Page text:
I’ve always been obsessed with the details. Whether it’s coding, cycling or carpentry, the detail is where my mind wanders first.
I see this as a sort of superpower, as the detail is complex, and has many moving parts. Making sense of the overwhelming noise the detail creates is where even the brave fear to tread.
But over time I have come to gain another perspective. Painting the big picture is the purest form of technological art.
Adding complexity through detail requires complex thought, but simplifying the big-picture design down to its purest essentials is where the depth of thought and experience gives you the real edge. The more complex the design, the simpler the high-level view needs to be. We simply cannot manage complexity from the ground level.
We are so quick to think of how to solve a problem, that we forget to ask whether we should be solving it at all. Stepping back, and letting the idea bounce about a bit first, is an approach that I encourage these days, I have learnt that we all have a unique perspective, and there’s real value and power in harnessing it,
But enough philosophy, let’s dive into the detail (forgive the pun)
In today’s ever-changing technology landscape, IT architecture is a critical component of any organization’s success. It is the process of designing, implementing, and managing the technology infrastructure of an organization. One of the most critical aspects of IT architecture is the need for a high-level view when making architectural decisions.
A high-level view is a conceptual overview of the architecture that includes the main components, their functions, and how they interact with each other. A high-level view is essential for making IT architecture decisions because it enables architects to visualize and plan the system as a whole. With a high-level view, architects can identify the dependencies between different components and ensure that they work together seamlessly.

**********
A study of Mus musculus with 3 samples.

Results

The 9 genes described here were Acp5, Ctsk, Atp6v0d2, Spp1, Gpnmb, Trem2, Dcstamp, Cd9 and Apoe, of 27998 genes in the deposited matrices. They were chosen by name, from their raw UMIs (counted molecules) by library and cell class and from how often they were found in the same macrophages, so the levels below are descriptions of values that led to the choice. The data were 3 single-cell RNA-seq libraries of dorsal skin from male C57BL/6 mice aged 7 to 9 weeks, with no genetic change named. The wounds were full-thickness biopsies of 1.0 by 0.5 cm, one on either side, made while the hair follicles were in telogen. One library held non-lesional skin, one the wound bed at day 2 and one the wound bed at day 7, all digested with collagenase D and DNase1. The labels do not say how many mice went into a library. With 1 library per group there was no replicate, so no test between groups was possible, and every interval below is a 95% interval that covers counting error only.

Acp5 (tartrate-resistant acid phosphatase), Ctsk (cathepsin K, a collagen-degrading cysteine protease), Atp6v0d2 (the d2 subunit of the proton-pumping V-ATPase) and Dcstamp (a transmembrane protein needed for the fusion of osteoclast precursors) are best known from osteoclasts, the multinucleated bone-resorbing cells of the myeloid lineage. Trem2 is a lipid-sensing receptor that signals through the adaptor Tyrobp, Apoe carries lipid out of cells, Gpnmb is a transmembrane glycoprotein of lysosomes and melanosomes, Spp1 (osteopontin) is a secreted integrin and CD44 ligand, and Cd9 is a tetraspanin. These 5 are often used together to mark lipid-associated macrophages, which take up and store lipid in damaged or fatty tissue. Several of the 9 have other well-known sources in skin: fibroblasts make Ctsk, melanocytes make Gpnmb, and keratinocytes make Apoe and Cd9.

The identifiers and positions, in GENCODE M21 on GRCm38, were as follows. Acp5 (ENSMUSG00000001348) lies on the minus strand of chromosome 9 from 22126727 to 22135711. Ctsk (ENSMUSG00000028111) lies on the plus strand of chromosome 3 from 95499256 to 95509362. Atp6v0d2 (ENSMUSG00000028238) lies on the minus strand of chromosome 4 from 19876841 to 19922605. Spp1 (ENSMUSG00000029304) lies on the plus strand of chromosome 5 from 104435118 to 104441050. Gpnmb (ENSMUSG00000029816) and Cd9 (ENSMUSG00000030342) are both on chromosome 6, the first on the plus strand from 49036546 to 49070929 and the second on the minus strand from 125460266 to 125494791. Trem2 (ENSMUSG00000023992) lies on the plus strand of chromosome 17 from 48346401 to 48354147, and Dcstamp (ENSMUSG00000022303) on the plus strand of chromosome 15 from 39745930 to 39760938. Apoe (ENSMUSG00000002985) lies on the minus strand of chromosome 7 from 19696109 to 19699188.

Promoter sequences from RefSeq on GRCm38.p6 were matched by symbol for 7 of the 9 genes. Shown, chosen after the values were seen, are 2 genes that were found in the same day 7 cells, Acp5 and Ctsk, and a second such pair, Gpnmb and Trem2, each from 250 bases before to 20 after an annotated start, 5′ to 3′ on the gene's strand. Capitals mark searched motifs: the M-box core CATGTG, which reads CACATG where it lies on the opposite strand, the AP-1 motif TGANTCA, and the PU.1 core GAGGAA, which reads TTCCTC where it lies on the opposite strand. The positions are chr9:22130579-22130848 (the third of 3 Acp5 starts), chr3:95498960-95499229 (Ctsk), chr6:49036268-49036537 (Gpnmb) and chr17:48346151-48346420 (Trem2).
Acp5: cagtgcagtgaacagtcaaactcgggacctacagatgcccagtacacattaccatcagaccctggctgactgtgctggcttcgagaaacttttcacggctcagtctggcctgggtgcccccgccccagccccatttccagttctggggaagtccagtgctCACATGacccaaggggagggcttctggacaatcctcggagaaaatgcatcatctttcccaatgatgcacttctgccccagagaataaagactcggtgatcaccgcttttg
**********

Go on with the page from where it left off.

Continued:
One of the main advantages of a high-level view is that it allows architects to identify the business requirements and objectives that need to be achieved. The high-level view should take into account the business goals and objectives, such as scalability, availability, and security. By considering these objectives, architects can design an IT architecture that is aligned with the business requirements, ensuring that the system meets the needs of the organization.
Another advantage of a high-level view is that it enables architects to plan for future growth and expansion. IT architecture is designed to be flexible and scalable, and a high-level view ensures that the system can handle future demands. For example, if the organization needs to add new applications or services, the high-level view can help architects design the system in a way that accommodates future changes.
A high-level view is also essential for managing complexity. IT architecture can be complex, with many different components and services. A high-level view enables architects to break down the system into manageable components, which can be designed and tested independently. This approach reduces the risk of failure and ensures that the system can be easily maintained and updated.
In summary, a high-level view is critical when making IT architecture decisions. It enables architects to understand the system as a whole, identify business objectives, plan for future growth and expansion, and manage complexity. Without a high-level view, architects risk making decisions that do not meet the needs of the organization, are difficult to maintain and are not scalable. Therefore, it is essential to invest time and effort in creating a high-level view when making IT architecture decisions.